By Pat Jenkins
The same part of State Route 7 that was closed for five months last year because of dirt and rock slides will be closed again this summer, this time for work that highway officials hope will be a permanent solution to conditions that pose a risk to motorists.
The state Department of Transportation (DOT) couldn’t confirm last week an exact timeline for the closure, but it’s expected that the two-lane highway between Alder Cutoff Road and the State Route 161 junction will be off-limits approximately June through October.
That’s the same five-month period that a closure was in effect last year while DOT engineers and crews monitored a crumbling hillside and pondered ways to keep rocks and other debris from cascading onto the roadway. Because of cost considerations, DOT eventually put off permanent repairs of the hillside until this year, but the highway was reopened last October with some restrictions. The speed limit was reduced to 20 miles per hour, the lanes were narrowed to nine feet wide in each direction, and massive metal shipping containers – the kind that usually carry freight on trains, ships and trailers – were placed between the slope and the roadway to catch debris that might tumble down during the winter months.
DOT wants to stabilize the hillside by installing a soil nail wall fixed permanently with soil nails. The proposed technique for shoring up the hillside is common in many places in Washington, but will be used for the first time at the SR-7 trouble spot between Alder and LaGrande.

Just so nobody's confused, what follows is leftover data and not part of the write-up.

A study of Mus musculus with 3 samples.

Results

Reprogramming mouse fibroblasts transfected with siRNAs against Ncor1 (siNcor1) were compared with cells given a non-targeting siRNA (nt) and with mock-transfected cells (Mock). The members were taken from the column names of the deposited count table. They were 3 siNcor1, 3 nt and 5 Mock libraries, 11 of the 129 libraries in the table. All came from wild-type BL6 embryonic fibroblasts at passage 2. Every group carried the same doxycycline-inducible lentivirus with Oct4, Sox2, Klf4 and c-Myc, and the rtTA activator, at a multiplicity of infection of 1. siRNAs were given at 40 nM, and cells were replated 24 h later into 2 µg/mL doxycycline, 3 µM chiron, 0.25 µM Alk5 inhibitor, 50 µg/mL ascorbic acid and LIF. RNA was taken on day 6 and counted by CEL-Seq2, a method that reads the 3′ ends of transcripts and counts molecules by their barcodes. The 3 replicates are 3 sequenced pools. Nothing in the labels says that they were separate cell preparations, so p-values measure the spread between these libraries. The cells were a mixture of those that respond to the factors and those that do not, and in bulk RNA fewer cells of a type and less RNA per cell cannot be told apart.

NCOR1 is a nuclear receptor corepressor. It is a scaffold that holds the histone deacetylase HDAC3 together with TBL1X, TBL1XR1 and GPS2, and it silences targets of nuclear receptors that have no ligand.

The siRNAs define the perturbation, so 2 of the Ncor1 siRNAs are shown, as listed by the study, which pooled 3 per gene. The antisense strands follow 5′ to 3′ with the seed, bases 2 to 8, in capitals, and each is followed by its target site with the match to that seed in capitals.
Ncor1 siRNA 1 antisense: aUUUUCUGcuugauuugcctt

DOT spokeswoman Kelly Stowe said work is scheduled to begin between mid-June and early-July and be finished by mid-October.
Detour routes will be announced as they’re finalized, but “at this point” they’ll probably be the same ones used last year, Stowe said Monday.
Eatonville hopes for a business windfall from the upcoming closure. During last year’s closure, Alder Cutoff Road and State Route 161 were the detour route. This year, town officials hope DOT will designate Eatonville Cutoff Road as a detour, which could bring additional traffic through the town’s main business district, luring people on their way to Mount Rainier National Park to stop for services and merchandise.
Stowe said DOT’s goal with detours is to minimize the amount of time and distance on motorists.
According to DOT, the stretch of SR-7 that will close averages 1,600 motorists per day when open. It’s one of the main routes to and from Mount Rainier. Traffic is heaviest during the peak summer months for visiting the park, which resulted in traffic jams on weekends and holidays last summer.
At least one holiday will be detour-free. Stowe said project officials plan to have State Route 7 open for Labor Day weekend in September.
Mayor Ray Harper said the town is working with DOT on the possibility of installing a temporary traffic light at Center Street and Washington Avenue to help traffic flow during this year’s highway closure.
DOT officials have said they recognize the inconveniences caused by the closures but want to put the motoring public’s safety first.